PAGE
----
The governors of five New England states crossed over the border to this French-speaking Canadian province recently to give strong encouragement to Quebec's plans to expand its production of hydroelectricity.
The irony that the conference in this riverfront capital earlier this month occurred as world oil prices were tumbling to previously unimagined lows did not go unmentioned, nor did it appear to be any significant deterrent to the governors' interest in buying additional electricity from Canada.
"Our major concern, as you can well appreciate, is to have a long-term, stable and reasonable source of energy," said Vermont Gov. Madeleine M. Kunin. Kunin recalled with a trace of bitterness how residents of then-high-flying oil states in the southwestern United States had once boasted on bumper stickers "Drive 75, Freeze a Yankee," adding that she had not been able to work up sympathy for their current plight.
"As we could not predict today's oil prices, neither can we predict next year's prices. What is George Bush going to say next? Is this merely a correction, or an aberration? Will OPEC get its act together after all?
"A first interest, in my view, is that we have -- and I speak for the State of Vermont -- a continuing interest in securing further Canadian power."
There were similar encouraging comments from the governors of Rhode Island, Maine, New Hampshire and Connecticut, who are faced with rapidly growing economies and demand for energy and strong public resistance to nuclear power as well as considerable opposition to other plants as New England attempts to get away from its dependence on oil-fired facilities.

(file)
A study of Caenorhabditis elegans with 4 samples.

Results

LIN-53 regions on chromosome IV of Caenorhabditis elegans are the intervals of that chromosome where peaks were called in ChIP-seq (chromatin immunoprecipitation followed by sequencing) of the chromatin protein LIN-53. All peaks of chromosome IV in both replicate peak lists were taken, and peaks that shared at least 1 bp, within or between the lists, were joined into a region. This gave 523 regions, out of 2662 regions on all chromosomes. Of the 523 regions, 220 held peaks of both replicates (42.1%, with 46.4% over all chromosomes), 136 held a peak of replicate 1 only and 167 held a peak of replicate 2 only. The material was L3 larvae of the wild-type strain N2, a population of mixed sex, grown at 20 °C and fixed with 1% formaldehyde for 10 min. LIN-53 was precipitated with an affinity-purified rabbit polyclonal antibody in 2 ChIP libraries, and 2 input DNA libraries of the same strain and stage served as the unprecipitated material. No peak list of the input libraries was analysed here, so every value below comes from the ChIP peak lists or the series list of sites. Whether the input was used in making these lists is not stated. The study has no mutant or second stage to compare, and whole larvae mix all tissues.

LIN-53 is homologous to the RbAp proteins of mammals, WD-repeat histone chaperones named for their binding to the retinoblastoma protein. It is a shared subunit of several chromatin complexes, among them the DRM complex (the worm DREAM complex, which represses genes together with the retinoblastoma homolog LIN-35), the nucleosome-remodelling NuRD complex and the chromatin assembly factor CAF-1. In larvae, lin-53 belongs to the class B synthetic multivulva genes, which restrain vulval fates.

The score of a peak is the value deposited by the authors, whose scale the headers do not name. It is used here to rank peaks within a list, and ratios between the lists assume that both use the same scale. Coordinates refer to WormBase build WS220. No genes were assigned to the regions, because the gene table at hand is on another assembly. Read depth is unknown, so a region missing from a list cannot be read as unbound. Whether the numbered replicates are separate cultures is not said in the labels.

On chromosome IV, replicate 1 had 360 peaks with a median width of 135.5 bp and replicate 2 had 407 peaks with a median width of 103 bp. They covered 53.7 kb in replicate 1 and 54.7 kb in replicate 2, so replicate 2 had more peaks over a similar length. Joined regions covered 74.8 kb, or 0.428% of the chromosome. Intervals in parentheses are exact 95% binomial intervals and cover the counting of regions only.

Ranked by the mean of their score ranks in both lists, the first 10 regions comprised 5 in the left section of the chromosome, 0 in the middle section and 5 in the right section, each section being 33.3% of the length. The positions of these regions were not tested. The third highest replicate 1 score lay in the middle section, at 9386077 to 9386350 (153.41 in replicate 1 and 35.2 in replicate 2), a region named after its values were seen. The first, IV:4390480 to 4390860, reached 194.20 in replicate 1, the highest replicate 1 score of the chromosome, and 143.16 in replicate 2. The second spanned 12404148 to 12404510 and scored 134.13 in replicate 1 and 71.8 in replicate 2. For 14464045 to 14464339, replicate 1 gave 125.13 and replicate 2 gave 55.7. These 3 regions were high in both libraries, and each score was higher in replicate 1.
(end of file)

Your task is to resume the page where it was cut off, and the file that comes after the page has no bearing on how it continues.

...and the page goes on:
Hydro-Quebec, the mammoth utility here, already sells surplus energy to New York and New England, including about 9 percent of New York's overall consumption and about 20 percent of Vermont's peak demand.
This summer, New England is to begin receiving additional energy under an agreement between the New England power pool and Hydro-Quebec.
Major electricity deals involving Canada and New York and New England date back to the aftermath of the 1965 power blackout in the northeastern United States. Since then, more interconnections have been built between Canadian and U.S. systems. There are more than 100 transmission lines between Canada and the United States and more are planned, according to Robert O. Bigelow, vice president of the New England Electric System.
On the Pacific Coast, there are ties between British Columbia and the State of Washington. British Columbia has expressed strong interest in selling electricity to California. In the center of the two countries, the government-owned hydroelectric utility for the Canadian prairie province of Manitoba recently signed contracts with Minnesota and other Middle West states.
Georges Lafond, executive vice president of Hydro-Quebec, told New England governors and utilities here that the surplus electricity Quebec now sells to New York and New England will diminish sharply over the next decade as anticipated demand grows here in Quebec. That was the windup for his pitch for New England contracts to purchase power from Hydro-Quebec's hoped-for vast expansion of its hydroelectricity city at James Bay.